Early identification of certain patient factors may predict long-term outcomes in psoriasis, according to a study.
Between 2001 and 2005, patients were enrolled in the Stockholm Psoriasis Cohort, which was assessed in the present trial. Patients aged 15 years or older with psoriasis onset during the last 12 months were eligible for inclusion. Data collection included patient evaluations performed by dermatologists and rheumatologists at enrollment and 10 years, questionnaires, medical records, and registers. The main outcomes were disease severity and psoriatic arthritis (PsA).
Final analysis included 721 patients. The median age was 39 years, and 56% of patients were female. Three-quarters of patients had plaque-onset, and about one quarter had guttate-onset psoriasis. Follow-up was a median 9.6 years. Twelve years after enrollment, 21% of patients had severe psoriasis.
After 10 years, 509 patients were available for a clinical examination. At this time, 20% of patients with plaque onset and 48% with guttate onset had minimal disease activity without treatment. About a quarter of this group had PsA.
Patients with psoriasis who had plaque phenotype, above-median disease activity, and scalp lesions were much more likely than those with below-median disease activity at the time of enrollment to have severe skin disease (11% vs 52%). Similarly, patients with initial joint pain were more likely than those without to have PsA after 10 years (12% vs 59%). Other predictors of severe disease were smoking and activating genes in the interleukin-23 (IL-23) pathway. Meanwhile, patients with systemic therapy at or before enrolling in the study had a lower 10-year risk of severe disease as opposed to delayed therapy initiation.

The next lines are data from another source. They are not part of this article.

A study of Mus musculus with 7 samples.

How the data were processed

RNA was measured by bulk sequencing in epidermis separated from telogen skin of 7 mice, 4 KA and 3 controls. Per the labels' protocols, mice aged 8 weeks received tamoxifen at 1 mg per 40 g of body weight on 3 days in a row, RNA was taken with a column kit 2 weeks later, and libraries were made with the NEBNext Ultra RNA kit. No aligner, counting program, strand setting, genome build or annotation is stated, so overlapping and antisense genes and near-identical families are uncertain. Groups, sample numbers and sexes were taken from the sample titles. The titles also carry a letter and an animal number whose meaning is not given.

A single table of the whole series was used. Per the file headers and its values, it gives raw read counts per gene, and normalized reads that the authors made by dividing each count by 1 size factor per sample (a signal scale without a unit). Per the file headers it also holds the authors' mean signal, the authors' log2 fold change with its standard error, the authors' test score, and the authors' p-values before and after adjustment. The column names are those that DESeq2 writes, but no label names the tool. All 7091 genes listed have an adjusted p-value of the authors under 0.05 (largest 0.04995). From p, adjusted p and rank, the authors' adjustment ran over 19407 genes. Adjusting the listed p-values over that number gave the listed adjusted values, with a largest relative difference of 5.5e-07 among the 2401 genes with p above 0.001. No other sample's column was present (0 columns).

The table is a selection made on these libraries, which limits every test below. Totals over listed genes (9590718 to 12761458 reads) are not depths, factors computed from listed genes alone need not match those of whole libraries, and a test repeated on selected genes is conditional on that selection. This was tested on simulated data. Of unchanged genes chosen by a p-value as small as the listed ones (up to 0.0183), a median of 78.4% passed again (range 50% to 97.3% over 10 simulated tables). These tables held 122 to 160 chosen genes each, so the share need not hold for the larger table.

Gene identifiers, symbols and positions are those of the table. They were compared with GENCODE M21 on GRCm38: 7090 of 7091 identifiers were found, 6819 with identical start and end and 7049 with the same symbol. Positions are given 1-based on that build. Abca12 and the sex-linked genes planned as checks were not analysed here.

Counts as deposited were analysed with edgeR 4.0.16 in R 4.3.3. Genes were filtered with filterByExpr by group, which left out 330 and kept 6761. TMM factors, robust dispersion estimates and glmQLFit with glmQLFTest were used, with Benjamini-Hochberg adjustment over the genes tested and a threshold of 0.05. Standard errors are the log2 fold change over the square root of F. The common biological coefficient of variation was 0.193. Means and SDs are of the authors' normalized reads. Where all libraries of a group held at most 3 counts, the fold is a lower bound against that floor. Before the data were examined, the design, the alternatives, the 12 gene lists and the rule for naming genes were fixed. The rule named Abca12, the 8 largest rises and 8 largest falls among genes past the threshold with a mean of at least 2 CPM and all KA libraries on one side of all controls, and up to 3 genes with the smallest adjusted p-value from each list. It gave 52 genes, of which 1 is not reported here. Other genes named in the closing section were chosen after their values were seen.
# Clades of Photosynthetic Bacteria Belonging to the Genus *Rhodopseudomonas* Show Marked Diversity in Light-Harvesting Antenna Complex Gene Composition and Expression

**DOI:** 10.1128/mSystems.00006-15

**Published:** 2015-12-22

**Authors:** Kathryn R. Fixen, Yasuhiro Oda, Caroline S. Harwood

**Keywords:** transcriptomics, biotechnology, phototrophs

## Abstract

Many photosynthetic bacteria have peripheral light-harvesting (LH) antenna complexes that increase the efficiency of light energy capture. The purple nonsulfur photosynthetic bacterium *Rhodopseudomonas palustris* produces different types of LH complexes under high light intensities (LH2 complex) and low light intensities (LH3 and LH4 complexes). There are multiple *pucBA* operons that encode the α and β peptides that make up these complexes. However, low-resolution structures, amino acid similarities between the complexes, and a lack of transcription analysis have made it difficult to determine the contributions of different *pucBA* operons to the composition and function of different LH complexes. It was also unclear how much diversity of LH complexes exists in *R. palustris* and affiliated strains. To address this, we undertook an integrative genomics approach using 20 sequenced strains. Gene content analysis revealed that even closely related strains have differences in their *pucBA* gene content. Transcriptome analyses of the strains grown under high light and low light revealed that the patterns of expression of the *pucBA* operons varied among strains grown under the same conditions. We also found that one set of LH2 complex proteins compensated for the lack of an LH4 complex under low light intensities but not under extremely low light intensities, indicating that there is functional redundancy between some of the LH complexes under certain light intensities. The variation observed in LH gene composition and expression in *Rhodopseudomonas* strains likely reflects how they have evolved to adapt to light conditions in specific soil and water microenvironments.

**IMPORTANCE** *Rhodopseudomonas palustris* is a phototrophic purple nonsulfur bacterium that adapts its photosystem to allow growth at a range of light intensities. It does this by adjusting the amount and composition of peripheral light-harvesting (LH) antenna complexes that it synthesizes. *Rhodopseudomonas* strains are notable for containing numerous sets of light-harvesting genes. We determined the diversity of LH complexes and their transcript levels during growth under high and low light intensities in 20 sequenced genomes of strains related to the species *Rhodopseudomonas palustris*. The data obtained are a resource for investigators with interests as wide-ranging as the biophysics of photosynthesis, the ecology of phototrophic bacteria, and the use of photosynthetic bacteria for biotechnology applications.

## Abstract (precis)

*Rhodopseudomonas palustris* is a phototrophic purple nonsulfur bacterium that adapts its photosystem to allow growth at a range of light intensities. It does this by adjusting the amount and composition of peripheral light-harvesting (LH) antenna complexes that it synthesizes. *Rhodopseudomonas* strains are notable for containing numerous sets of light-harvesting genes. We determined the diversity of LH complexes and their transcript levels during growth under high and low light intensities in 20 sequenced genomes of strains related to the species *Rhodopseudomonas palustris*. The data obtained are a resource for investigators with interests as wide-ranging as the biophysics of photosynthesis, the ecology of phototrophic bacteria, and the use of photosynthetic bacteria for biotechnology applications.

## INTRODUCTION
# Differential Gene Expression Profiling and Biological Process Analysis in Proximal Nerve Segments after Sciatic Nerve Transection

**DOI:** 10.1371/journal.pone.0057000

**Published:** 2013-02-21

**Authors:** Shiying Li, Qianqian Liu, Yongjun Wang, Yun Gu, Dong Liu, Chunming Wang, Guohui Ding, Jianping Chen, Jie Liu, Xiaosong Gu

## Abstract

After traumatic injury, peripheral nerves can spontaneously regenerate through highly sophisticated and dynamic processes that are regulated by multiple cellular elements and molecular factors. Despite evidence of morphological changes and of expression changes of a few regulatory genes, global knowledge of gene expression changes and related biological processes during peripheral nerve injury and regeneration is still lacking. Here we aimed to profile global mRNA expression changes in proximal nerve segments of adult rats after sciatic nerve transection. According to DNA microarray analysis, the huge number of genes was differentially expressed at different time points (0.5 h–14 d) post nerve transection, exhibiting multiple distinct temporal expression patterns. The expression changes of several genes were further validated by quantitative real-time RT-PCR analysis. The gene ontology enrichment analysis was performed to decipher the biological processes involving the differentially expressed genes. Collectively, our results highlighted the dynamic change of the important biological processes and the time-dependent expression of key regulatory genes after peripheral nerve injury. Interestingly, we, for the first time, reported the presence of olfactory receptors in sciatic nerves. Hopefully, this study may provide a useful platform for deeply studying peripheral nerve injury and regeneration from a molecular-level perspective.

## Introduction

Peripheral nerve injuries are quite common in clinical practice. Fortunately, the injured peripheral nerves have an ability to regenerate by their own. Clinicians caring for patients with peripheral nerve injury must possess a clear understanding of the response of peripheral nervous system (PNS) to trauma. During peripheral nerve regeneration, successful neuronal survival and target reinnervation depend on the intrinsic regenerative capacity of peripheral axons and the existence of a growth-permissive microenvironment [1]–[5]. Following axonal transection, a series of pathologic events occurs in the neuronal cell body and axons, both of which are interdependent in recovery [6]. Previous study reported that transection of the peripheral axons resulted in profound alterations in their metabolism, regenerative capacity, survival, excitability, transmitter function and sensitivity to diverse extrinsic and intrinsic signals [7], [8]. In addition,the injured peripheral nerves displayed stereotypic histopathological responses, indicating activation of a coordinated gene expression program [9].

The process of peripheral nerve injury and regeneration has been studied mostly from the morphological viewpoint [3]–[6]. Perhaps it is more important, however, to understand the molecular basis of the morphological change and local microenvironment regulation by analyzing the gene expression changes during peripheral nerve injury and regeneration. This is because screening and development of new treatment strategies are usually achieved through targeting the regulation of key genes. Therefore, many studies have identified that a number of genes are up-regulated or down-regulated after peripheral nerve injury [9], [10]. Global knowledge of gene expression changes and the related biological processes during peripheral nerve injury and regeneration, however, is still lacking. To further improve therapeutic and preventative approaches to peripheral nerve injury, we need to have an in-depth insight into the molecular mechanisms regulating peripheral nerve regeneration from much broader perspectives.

The study was published in JAMA Dermatology.
“The findings of this cohort study suggest that combinations of clinical characteristics at onset and activating genes in the IL-23 pathway are significantly associated with the clinical course of psoriasis, whereas joint pain and peripheral enthesitis may indicate the probability of PsA. Patients within those categories merit specialist referral and closer follow-up. The possibility of modifying the disease course with early systemic intervention should be tested,” the authors wrote in their conclusion.
Credit: Original article published here.